The third film from the International Paralympic Committee (IPC) and the United Nations Human Rights Office joint campaign highlighting the benefits of London 2012 has a clear message that companies who do not employ those with disabilities are missing out.
The campaign, named "Transforming Lives Makes Sense for Everyone", is a series of films showcasing the employment legacy of 2012 Paralympic Games.
The key message of the third film is that companies who do not employ persons with disabilities are missing out.
Despite London 2012 increasing employment opportunities for people with disabilities, only 51.3 percent of those in Britain with disabilities are employed, compared to 81.4 percent of the wider population.
The leading British disability charity Scope features in the film to explain how employers are missing out.
"One in five of us are disabled," James Taylor, Scope’s head of policy and campaigns, said.
"There is a huge amount of disabled people who are unemployed, who can work and want to work.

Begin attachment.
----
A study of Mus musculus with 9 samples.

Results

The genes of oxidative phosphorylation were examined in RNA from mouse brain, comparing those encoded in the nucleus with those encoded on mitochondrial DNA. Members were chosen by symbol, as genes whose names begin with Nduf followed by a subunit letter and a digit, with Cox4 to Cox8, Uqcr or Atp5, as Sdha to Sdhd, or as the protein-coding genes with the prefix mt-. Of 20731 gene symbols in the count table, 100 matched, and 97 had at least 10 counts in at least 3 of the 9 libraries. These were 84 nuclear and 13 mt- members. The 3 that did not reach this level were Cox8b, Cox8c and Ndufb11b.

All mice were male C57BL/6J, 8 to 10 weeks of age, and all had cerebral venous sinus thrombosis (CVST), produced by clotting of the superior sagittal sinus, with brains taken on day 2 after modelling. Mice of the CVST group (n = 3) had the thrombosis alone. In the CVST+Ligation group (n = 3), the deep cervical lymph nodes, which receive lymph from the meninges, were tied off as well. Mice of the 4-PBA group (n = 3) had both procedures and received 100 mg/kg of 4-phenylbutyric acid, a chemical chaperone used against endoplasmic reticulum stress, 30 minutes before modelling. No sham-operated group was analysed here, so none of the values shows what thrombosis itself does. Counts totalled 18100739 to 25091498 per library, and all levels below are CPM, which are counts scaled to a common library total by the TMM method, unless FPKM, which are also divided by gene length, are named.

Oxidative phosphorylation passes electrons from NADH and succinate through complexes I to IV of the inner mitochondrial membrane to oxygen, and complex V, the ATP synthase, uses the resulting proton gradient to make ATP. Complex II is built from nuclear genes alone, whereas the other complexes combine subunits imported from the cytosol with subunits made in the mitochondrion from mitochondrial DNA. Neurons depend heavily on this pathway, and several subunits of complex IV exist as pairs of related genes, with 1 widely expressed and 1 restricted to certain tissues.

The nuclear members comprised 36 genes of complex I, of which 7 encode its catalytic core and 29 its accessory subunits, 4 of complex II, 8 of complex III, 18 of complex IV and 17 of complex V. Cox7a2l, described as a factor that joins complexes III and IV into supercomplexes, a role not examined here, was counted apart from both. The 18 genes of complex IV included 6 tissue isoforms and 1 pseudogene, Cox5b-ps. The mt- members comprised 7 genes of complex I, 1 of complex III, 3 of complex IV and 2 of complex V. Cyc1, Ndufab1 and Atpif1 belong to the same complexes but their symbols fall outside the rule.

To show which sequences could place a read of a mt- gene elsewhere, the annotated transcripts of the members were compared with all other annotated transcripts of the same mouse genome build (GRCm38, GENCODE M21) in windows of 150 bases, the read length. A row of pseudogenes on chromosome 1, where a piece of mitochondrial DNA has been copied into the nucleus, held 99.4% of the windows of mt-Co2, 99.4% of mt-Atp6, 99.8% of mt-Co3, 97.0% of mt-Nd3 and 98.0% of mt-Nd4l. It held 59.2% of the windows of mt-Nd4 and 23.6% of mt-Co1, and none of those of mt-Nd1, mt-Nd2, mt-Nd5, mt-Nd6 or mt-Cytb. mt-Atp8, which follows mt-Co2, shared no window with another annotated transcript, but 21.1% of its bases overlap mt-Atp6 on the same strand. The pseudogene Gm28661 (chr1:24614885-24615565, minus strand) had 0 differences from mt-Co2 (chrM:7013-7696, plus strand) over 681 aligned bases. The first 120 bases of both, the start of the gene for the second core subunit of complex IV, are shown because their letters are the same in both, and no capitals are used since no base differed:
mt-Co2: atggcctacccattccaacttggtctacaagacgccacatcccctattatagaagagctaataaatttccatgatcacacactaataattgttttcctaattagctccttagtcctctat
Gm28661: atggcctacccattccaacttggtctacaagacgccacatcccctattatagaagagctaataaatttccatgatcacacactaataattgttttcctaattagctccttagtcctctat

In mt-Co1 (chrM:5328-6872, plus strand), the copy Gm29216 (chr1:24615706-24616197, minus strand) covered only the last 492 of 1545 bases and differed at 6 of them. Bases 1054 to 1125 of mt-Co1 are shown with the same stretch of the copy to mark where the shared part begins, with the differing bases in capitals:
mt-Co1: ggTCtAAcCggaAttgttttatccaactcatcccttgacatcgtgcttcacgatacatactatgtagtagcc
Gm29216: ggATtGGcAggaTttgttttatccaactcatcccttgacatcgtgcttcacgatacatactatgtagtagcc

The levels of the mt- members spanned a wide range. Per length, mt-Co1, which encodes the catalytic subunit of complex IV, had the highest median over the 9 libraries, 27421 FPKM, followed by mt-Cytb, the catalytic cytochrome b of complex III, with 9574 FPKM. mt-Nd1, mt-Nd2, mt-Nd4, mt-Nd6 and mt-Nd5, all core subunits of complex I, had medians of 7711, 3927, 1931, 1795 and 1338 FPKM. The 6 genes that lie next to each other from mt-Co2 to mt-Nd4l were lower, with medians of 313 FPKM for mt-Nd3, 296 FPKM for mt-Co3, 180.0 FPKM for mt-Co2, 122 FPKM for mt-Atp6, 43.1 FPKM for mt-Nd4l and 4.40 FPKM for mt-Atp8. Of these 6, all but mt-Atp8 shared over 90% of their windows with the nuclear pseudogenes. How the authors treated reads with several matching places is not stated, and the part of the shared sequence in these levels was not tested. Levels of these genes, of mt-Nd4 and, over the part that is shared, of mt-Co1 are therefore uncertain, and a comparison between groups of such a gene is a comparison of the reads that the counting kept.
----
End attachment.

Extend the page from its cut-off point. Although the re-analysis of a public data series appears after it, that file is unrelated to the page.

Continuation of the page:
"That’s a huge untapped talent pool and resource that employers should be drawing on.
"Having more disabled people in your workforce at every level could really benefit the bottom line of a company and improve productivity as well."
British swimmer Liz Johnson, a Paralympic gold medallist in the women's SB6 100 metres breaststroke at Beijing 2008, also features in the video after co-founding the ethical recruitment agency The Ability People, staffed entirely by those with impairments.
She discusses her belief that the Paralympics can act as a catalyst for positive change.
"Since retiring, I’ve realised that actually there are a lot of limitations and barriers that are not placed on you by yourself but actually placed on you by society," Johnson says in the video.
"Persons with disabilities, they are some of the most resourceful, resilient, dedicated and motivated people on the planet.
"I think the Paralympics and the Paralympic Movement are the perfect vehicles to initiate and prompt change."
The previous Transforming Lives films have given examples of how London 2012 changed society's attitudes towards those with disabilities and improved employment opportunities.